Smith has WR options around him like never before
The 49ers’ passing game was one big question mark at this time in 2011, but a year later the team is finding a lot of early answers during the first full-squad workouts of the offseason. Quarterback Alex Smith is taking charge of the offense like never before during organized team activity workouts, and he has found to his liking a new smorgasbord of wide receivers filling the passing lanes.
Smith looked one way, then another, finding open receivers with such ease that the toughest part might've been deciding whose turn it was in the rotation.
Smith's new choices at wide receiver – veterans Randy Moss and Mario Manningham and first-round draft pick A.J. Jenkins – zipped all over the field during an OTA practice session this week, giving the eighth-year quarterback options he never had last season.
''It's like waking up on Christmas,'' Smith said. ''You have a lot of new toys out there, new presents.''
New expectations, too.
A year ago, the unproven 49ers quarterback was organizing informal offseason workouts at San Jose State during the NFL lockout – dubbed ''Camp Alex'' by teammates – and not even certain to be the starter.
That was then. This is now. Smith contributed to San Francisco’s surprising turnaround season last year with the best season of his career, playing every significant snap and leading the Niners to their first NFC West championship since 2002.
Now, coming off a 13-3 regular season and an overtime loss away from the Super Bowl, the 49ers have loaded up on skill players around Smith to add more weapons to their offense.
Now, he also has a full offseason schedule to integrate the offense, something none of the 49ers had last year with the lockout.
''Alex has really been, in the two days out here, has been spreading the ball very well,'' coach Jim Harbaugh said Wednesday, the midpoint of three days of OTA sessions. ''He's got a lot of options. That's been evident, too, for two days. ''
Often outplayed and overshadowed by the NFL's best defense, Smith and the 49ers offense became an easy target for San Francisco's shortcomings in a 2011 season when the team didn’t have many.
Smith ranked 19th in the NFL with a career-high 3,144 yards passing and struggled to find wide receivers in a 20-17 overtime loss in the NFC title game to the eventual Super Bowl champion New York Giants.
One thing the 2005 No. 1 overall pick out of Utah no longer seems to lack: confidence.
''This is the honest truth: I could absolutely care less on yards per game,'' Smith said. ''I think that is a totally overblown stat because if you're losing games in the second half, guess what? You're like the Carolina Panthers and you're going no-huddle the entire second half and, yeah, Cam Newton threw for a lot of 300-yard games. That's great. You're not winning, though.''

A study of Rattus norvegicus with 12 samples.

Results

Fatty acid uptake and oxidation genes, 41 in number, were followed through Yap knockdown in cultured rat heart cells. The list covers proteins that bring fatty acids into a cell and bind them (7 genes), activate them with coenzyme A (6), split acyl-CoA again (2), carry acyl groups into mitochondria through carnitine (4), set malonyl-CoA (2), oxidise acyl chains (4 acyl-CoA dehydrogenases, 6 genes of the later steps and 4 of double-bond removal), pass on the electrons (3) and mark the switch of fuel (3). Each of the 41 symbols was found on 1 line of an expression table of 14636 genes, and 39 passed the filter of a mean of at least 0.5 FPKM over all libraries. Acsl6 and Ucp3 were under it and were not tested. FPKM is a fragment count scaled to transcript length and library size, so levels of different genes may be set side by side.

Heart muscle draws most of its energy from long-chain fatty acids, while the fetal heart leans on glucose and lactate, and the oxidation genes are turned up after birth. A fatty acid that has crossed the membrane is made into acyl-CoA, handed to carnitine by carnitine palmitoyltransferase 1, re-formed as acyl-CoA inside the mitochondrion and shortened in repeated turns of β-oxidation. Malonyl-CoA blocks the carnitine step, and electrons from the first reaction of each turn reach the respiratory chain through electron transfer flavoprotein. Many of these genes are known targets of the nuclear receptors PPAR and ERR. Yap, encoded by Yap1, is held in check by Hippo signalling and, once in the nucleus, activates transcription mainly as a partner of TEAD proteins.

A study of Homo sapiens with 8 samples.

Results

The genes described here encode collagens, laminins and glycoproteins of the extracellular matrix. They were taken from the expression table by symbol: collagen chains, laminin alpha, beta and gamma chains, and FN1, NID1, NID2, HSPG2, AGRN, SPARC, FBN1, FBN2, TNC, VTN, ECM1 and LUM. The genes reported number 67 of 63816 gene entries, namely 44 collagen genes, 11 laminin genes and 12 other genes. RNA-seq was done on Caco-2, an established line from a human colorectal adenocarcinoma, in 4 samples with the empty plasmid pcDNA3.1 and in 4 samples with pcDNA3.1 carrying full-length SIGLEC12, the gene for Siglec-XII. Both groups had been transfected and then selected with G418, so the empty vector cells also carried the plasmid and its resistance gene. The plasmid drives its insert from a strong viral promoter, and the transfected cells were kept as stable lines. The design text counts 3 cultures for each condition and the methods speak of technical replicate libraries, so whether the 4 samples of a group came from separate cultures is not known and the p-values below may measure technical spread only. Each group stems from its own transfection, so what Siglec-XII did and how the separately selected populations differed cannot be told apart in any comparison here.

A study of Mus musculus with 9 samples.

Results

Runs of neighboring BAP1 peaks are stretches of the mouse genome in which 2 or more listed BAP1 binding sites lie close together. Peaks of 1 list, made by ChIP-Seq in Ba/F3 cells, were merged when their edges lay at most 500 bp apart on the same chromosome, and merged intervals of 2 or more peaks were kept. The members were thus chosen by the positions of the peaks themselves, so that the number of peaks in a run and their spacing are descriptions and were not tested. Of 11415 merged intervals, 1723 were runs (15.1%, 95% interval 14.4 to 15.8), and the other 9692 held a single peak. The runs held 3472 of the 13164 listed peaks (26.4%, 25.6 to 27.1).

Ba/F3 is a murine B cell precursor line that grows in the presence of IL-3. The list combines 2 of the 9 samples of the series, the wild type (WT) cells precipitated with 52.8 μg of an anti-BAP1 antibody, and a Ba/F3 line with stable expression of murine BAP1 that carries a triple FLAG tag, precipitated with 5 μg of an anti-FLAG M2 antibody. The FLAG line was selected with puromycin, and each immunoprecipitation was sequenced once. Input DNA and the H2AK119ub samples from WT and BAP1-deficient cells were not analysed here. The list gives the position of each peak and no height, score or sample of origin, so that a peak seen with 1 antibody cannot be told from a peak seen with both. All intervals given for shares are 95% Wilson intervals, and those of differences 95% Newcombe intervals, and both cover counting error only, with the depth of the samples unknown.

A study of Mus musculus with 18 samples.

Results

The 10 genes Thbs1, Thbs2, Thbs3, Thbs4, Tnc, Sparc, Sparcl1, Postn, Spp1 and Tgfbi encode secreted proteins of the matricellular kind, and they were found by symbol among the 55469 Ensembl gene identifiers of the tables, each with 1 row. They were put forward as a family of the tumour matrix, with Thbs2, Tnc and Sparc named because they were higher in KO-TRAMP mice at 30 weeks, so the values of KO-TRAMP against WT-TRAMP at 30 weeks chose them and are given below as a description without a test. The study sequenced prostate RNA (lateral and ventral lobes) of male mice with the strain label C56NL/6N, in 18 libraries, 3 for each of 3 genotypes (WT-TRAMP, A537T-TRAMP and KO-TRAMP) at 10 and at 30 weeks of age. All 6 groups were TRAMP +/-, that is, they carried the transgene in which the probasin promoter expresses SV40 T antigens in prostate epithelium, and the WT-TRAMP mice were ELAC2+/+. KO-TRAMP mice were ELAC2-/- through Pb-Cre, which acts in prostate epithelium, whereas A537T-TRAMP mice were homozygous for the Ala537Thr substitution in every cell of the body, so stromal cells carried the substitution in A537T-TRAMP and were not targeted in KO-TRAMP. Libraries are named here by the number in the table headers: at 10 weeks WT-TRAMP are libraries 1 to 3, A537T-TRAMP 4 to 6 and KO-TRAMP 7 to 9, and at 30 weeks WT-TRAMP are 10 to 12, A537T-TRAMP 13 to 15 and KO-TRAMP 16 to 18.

Newton, the AP Offensive Rookie of the Year, ranked 10th in the league with 4,051 yards passing last season. The Panthers finished with a 6-10 record.
From boos to a breakout season, not much else has really changed with Smith's status in San Francisco.
The 49ers flirted with free agent Peyton Manning – who ultimately chose Denver – until settling on Smith with a three-year, $24 million deal. Newcomer veteran Josh Johnson and 2011 second-round pick Colin Kaepernick also there, along with Scott Tolzien, the team’s young No. 3 QB last season.
General manager Trent Baalke also signed former Giants receiver Manningham, drafted Jenkins out of Illinois and speedster LaMichael James of Oregon in the second round.
But no move made more splashes than signing the 35-year-old Moss to a one-year deal.
Moss again declined to talk to reporters but has been Smith's No. 1 target during the open portions of practice and, by all 49ers accounts, he has dazzled.
''It's neat to watch our players watch a guy like Randy that they've watched growing up,'' Harbaugh said. ''And we have two fields. The defensive field's on the far right and then the offensive field is over here on the left. And I can always see the defensive players will be looking over.''
To say the least, Harbaugh has been impressed so far by Moss, who has been known to go his own way previously in his illustrious but sometimes enigmatic career.
“Randy’s a great target,” Harbaugh said. “He’s not a B.S.-er. He’s rock solid. He’s one of the fasted guys on our team when you put the watch on certain drills. We just couldn’t be happier with him. Couldn’t be any more happy with him.”
Said Smith: ''The first day, it was surreal out there throwing balls to him. The physical skills everybody knows. The thing you appreciate a lot is the guy's a true pro. He's played a lot of football. He's incredibly smart out there.''
All the more reason the 49ers offense needs to make strides.
Smith showed incredible efficiency last season, tossing 17 touchdown passes to only five interceptions, and led two late touchdown drives in San Francisco's thrilling 36-32 division round playoff victory over Drew Brees and the New Orleans Saints.
The problem that had been there all season – often masked in victories where the 49ers could build a lead, run the ball late and lean on their defense – was the team’s inconsistent passing game. San Francisco finished 29th in the NFL in passing offense last season.
Stuck in long third downs all season, Smith relied so much on Vernon Davis and the other tight ends or running backs. The wide receiver corps disappeared in key sequences, most noticeably the NFC title game, when Crabtree’s one catch for three yards was the only reception by a San Francisco wideout.
''We were so inconsistent when we had to throw the football,'' he said. ''Third-and-mediums, third-and-longs, we weren't very good. Red zone, we weren't good at times. We got to get better there.''
“With plenty of inviting new targets at his disposal, Smith and the Niners are off to a good start.